Simon Willison’s Weblog


New PHP experiment, inspired by ColdFusion

17th July 2003

I’ve been reading up on ColdFusion MX recently, and I have to admit it looks like a really nice piece of technology. I’d previously written ColdFusion off as being too simplistic and primitive, but having seen how much its capable of I’m reconsidering my position.

If you’ve never seen ColdFusion before, it’s a server side scripting language/application server from Macromedia (who obtained it when they bought Allaire). MX is the latest version of the language, which sees it completely rewritten in Java to allow it to integrate with Java application servers and existing Java servlet applications. This is shrewd marketing on the part of Macromedia, and I’ve already seen them advertising it as something to make your existing Java web deployments easier to customise.

The thing that put me off ColdFusion originally is that it is a tag-based scripting language, specifically designed to make it easy for HTML developers with little or no previous programming experience to pick up. Here’s an example of a chunk of CF syntax:

<cfinclude template="some-other-file.cfm">

<cfif isdefined("")>
Hi there,

The thing that most surprised me about ColdFusion is that although the above syntax looks pretty verbose, it is actually designed in a way that means you can do an awful lot with very little code. The above in PHP would look like this:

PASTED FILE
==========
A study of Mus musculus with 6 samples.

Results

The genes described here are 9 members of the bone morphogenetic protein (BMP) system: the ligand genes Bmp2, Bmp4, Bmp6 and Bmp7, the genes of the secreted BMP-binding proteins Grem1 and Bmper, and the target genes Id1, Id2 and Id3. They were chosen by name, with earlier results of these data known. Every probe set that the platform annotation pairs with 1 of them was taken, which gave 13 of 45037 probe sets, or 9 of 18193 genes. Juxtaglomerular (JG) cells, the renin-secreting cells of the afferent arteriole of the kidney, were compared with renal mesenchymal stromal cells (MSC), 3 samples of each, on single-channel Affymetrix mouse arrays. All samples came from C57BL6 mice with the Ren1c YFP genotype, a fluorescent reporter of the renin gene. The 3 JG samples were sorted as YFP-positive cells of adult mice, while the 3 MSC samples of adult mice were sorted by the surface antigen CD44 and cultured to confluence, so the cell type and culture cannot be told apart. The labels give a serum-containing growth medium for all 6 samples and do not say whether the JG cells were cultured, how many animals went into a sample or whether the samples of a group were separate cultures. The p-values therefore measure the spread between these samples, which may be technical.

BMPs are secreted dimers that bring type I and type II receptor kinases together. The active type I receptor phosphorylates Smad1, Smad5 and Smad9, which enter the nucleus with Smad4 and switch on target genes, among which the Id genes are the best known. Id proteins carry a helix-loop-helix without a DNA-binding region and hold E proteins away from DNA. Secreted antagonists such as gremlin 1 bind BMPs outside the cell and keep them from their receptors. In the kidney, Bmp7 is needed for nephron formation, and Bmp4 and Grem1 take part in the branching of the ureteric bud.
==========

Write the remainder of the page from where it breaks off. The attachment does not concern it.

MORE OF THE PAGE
if (isset($form['name'])) {
    print "Hi there, $form['name']";

It’s less typing, but only by a bit. Where CF gets really clever though is with its handling of SQL. Here’s the code to run a SQL query and loop through outputting the results to a simple table:

<cfquery name="users" datasource="myDSN">
select name, email from users order by name
<cfoutput query="users">

Here’s the same in PHP, assuming $db contains a connection to a MySQL database.

$result = mysql_query("select name, email from users order by name", $db);
echo '<table>';
while ($row = mysql_fetch_assoc($result)) {
    echo "<tr>
echo '</table>';

The ColdFusion example achieves the same effect but with less complicated code.

ColdFusion is not without its problems: it comes with a price tag, and it encourages mixing application logic with presentation code (although as with PHP this can be avoided through discipline and careful application design). Never the less, I found it interesting enough that last night I spent a few hours putting together a PHP implementation of a couple of ColdFusion concepts. As with many of the experiments I post here this is very much experimental code—I won’t be supporting it and I would not recommend using it for anything more than casual experimentation. Anyway, here it is:

With a bit more development, something like this could be a useful tool for quick-and-dirty PHP scripts that simply pull data out of MySQL and display it as HTML. I still prefer PHP, but ColdFusion has a lot of good ideas which are well worth knowing about.

This is New PHP experiment, inspired by ColdFusion by Simon Willison, posted on 17th July 2003.